A Dearborn man was arraigned Wednesday in federal court on Wednesday on charges that he was fighting in support of ISIS in Syria.
Ibraheem Izzy Musaibli, 28, was charged with providing and attempting to provide material in support of ISIS.
Musaibli, a natural-born U.S. citizen, was detained by Syrian forces and recently transferred into U.S. custody when the charges were filed. According to the indictment, from April 2015 through June 2018, he provided personnel and services to ISIS.
"That is not an insignificant period of time to provide support to a terrorist organization," US Attorney Mathew Schneider said. "The government has a lot of information about this case. We are aware of many facts but that is not something that we going to be able to talk about right now."
The indictment did not further expand what Musaibli is accused of providing the terrorist organization.
"The National Security Division will not tolerate threats to our country from terrorist organizations like ISIS-not least of all those that come from our own citizens," said Assistant Attorney General Demers. "Musaibli's alleged provision of material support to ISIS put the United States at risk and may have endangered the lives of countless innocent people. I am confident that he will face justice for his crimes, and I hope that his case sends a clear message that we will hold our citizens accountable who are apprehended overseas and tried to join a terrorist organization such as ISIS. I am also grateful to our law enforcement and military partners who made this prosecution possible."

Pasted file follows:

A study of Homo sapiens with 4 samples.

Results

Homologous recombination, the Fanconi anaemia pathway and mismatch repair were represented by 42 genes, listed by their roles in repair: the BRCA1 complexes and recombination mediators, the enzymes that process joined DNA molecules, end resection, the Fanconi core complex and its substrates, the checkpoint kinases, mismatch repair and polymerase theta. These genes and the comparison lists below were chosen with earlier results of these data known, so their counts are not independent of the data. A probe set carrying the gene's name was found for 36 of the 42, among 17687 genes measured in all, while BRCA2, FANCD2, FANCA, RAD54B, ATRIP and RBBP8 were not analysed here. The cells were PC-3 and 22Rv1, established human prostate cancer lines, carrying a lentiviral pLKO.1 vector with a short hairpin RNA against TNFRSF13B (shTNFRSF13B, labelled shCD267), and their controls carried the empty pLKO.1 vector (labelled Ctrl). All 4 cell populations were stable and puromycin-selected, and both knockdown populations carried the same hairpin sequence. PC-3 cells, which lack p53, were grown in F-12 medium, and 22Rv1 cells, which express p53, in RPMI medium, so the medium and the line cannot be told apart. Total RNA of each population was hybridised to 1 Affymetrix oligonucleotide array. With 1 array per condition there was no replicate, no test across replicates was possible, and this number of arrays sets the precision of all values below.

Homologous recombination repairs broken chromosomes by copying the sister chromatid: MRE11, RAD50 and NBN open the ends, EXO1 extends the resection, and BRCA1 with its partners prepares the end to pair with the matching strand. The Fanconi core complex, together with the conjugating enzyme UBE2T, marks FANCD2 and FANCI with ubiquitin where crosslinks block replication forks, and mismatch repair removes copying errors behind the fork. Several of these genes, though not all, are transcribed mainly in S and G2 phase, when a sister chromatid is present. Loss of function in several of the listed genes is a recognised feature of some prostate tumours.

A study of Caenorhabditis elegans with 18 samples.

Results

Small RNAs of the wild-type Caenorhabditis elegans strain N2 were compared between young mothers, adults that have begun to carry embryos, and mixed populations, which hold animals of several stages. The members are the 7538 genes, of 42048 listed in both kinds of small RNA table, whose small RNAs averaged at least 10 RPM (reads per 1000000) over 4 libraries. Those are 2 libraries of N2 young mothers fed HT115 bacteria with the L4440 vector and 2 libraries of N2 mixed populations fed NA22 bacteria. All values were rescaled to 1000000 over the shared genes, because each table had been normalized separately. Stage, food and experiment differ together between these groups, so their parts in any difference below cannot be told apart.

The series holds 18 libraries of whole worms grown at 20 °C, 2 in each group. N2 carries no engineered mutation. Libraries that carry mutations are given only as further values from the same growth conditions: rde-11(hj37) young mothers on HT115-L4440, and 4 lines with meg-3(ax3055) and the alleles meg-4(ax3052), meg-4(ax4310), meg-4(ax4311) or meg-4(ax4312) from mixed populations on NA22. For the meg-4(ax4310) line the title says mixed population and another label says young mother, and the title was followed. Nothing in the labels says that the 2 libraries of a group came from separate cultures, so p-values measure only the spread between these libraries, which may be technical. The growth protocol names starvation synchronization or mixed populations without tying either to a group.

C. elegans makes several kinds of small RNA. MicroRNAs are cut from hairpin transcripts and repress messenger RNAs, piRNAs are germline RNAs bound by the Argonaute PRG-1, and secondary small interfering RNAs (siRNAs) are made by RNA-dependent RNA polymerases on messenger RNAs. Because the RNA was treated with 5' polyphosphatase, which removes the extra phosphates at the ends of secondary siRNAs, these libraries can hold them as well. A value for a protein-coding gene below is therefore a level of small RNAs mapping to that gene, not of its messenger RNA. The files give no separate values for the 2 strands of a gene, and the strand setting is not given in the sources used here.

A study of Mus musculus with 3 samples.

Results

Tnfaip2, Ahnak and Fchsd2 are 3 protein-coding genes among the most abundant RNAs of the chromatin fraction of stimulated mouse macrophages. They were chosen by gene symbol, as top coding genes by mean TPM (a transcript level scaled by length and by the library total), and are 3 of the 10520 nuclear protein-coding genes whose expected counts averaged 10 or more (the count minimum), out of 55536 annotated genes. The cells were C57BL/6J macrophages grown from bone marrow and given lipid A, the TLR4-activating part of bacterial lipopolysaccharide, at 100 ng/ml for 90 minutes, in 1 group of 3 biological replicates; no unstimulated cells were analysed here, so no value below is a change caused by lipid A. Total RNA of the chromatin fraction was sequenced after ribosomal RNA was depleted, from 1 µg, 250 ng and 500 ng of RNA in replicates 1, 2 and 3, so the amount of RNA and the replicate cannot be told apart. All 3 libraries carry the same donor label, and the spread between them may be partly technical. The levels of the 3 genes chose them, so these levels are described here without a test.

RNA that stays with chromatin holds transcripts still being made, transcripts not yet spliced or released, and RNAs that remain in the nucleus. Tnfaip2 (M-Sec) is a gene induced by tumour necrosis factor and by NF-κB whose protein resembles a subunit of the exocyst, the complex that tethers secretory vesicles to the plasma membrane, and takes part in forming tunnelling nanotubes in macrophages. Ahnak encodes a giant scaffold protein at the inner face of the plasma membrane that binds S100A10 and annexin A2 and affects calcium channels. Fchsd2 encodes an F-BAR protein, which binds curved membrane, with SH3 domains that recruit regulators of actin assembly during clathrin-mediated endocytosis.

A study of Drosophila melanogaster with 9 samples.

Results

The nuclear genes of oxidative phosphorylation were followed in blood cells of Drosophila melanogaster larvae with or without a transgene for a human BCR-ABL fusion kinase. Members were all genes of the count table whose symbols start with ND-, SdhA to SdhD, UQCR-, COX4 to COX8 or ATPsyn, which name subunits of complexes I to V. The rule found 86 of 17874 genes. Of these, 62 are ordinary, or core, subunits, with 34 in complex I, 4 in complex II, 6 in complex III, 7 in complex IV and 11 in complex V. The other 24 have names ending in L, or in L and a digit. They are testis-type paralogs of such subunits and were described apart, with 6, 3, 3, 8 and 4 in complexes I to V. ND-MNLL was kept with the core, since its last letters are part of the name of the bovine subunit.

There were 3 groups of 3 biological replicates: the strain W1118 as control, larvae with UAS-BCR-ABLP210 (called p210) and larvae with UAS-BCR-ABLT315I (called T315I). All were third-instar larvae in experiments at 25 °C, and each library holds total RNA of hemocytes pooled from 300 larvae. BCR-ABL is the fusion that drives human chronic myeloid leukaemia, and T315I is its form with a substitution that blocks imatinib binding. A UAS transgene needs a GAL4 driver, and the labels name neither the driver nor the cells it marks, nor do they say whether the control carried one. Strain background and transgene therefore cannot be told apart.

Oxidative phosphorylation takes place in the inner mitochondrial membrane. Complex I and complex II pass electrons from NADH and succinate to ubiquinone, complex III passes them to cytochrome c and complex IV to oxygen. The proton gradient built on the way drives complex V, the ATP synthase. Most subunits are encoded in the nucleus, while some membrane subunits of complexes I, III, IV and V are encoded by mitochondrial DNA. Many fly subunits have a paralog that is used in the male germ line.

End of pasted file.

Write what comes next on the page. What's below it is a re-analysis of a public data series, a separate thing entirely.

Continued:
Musaibili's sister, Fatima, and mother were in court as well. They did not comment on camera on the arraignment. Fatima did say off camera that her brother is very religious and went to Syria to learn about Islam. She said he was this captured by ISIS, his passport was burned, and he was arrested by forces as he was trying to flee.
"That information might come out at some time but I can tell you the indictment says that from April 2015 through June 2018 that's a significant amount of time," Schneider said.
If convicted, Musaibli could face 15 years in prison. However, if it is found that he killed someone while acting for ISIS, he could get life in prison.
For now, he's behind bars as the government wants a detention hearing. That's set for Friday and the judge will decide whether to keep him in jail or let him free until trial.